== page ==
Great question. I am an artist who is learning to program so that I can make my own tools to make making art faster and more efficient. In this case I would be profiting from my art which the software helps me to perform. I'd be selling the art I made with the software, not the software itself. I stand to profit from the art.
This model can keep the software open sourced, while I still take profit off of my own individual art made with the software. My brother just told me of a gig where I could make 3d models for these two games and sell them for use in the game. People have been making thousands of dollars doing this. Profiting from their artwork, where the programming skill of another provided an easy and straightforward way to do such a thing.
I could give you a hammer or I could build you a house. I'd profit if you didn't know how to build a house, but the hammer I could give to you for free. It is a tool. But the work to do something with the tool is another thing.
There is a profit to be gained in giving information on how to do a task, but for some reason there is even more profit to be gained in doing something for someone. Some people just don't have the skills to do it, or the patience, or the money perhaps.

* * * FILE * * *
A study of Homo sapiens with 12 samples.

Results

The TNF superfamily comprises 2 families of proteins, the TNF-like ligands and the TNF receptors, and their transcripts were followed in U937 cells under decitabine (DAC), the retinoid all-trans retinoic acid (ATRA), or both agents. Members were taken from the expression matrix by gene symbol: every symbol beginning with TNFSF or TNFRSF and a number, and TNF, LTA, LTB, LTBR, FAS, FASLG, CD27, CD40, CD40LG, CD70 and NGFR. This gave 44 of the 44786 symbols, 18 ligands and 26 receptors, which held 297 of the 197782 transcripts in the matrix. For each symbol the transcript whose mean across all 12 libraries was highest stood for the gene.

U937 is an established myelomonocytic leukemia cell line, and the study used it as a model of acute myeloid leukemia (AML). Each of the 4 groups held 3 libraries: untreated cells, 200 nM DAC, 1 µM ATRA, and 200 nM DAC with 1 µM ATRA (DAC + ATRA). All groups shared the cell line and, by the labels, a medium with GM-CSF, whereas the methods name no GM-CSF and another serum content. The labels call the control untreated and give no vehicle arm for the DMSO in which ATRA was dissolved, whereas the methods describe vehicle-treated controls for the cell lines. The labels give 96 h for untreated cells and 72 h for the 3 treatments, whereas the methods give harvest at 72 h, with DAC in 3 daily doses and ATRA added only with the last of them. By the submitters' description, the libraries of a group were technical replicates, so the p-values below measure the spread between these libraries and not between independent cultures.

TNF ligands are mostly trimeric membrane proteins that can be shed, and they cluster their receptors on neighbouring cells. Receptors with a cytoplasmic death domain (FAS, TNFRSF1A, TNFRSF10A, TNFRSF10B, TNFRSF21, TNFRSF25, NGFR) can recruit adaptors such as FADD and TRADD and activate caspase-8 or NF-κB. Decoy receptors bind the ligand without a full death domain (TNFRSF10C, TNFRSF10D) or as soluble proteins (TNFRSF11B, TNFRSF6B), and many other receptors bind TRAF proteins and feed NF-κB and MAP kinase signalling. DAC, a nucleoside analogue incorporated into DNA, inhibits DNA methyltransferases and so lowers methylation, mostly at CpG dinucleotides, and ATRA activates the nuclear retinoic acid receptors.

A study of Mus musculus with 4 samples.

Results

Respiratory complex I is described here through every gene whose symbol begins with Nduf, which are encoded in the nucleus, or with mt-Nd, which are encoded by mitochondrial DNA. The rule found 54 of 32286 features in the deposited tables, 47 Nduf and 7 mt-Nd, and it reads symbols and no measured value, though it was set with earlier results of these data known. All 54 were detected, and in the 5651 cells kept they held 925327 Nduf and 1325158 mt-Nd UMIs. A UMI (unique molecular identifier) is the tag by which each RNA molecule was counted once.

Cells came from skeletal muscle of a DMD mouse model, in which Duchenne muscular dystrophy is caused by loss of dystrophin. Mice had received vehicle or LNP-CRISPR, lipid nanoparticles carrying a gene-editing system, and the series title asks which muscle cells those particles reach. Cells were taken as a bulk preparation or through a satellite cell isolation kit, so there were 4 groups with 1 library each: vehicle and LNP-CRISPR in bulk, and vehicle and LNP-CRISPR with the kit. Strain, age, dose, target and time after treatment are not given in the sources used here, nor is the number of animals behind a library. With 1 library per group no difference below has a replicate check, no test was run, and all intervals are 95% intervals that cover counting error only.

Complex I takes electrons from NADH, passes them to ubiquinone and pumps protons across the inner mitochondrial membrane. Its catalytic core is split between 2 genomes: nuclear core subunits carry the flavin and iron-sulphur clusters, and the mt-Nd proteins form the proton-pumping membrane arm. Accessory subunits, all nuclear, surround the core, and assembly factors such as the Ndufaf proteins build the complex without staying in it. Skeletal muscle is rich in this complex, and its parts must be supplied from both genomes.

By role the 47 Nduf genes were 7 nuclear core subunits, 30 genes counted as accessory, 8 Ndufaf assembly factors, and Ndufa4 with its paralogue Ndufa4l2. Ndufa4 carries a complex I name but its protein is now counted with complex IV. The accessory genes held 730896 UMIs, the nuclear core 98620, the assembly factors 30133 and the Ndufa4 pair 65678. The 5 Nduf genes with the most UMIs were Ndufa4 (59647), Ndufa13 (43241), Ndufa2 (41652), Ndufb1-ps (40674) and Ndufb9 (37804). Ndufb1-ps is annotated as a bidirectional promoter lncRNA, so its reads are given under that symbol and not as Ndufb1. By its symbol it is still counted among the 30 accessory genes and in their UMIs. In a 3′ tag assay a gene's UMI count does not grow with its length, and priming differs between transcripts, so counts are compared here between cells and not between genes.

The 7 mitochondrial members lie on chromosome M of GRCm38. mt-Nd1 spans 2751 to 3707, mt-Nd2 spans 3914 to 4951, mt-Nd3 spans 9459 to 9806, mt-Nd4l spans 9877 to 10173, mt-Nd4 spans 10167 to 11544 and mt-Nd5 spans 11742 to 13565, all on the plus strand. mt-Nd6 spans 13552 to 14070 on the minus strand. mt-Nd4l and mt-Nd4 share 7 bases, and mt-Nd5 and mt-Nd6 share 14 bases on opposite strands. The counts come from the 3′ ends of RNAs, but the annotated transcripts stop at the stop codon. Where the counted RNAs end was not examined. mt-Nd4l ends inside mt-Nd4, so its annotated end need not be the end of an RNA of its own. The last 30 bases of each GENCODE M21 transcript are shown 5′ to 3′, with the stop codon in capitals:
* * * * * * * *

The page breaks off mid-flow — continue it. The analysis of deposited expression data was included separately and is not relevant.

Stanley and Craftsman make their money making tools like hammers for people to build with.
Your model works, but it requires artists to suddenly get the desire and invest the time (which means time they're not making money as artists) to become software developers so they can make better art. This is also ignoring the fact that not all artists have the skills to become software developers to begin with (the right brain/left brain thing).
The artist that really profits though is again, the 2nd guy who gets the "tool" for free, while that tool - the software - cost the first guy, you in this case, a bundle to make: the price of all the artwork you didn't sell while you were learning to code and making shiny new tools. Opportunity costs are very easy to miss when figuring out what something costs you personally - but realizing that they are real and how much they are can make all the difference in the world between being profitable or never managing to make any money and never realizing why.
Of course, you don't have to distribute the tools, and honestly, I can't think of any reason why you would. You need every competitive advantage you can find if you plan on holding your own in a very fierce marketplace. In that case, you may end up coming out nicely ahead of where you would have been otherwise.
Edited by Mouser9169, 12 April 2014 - 07:26 AM.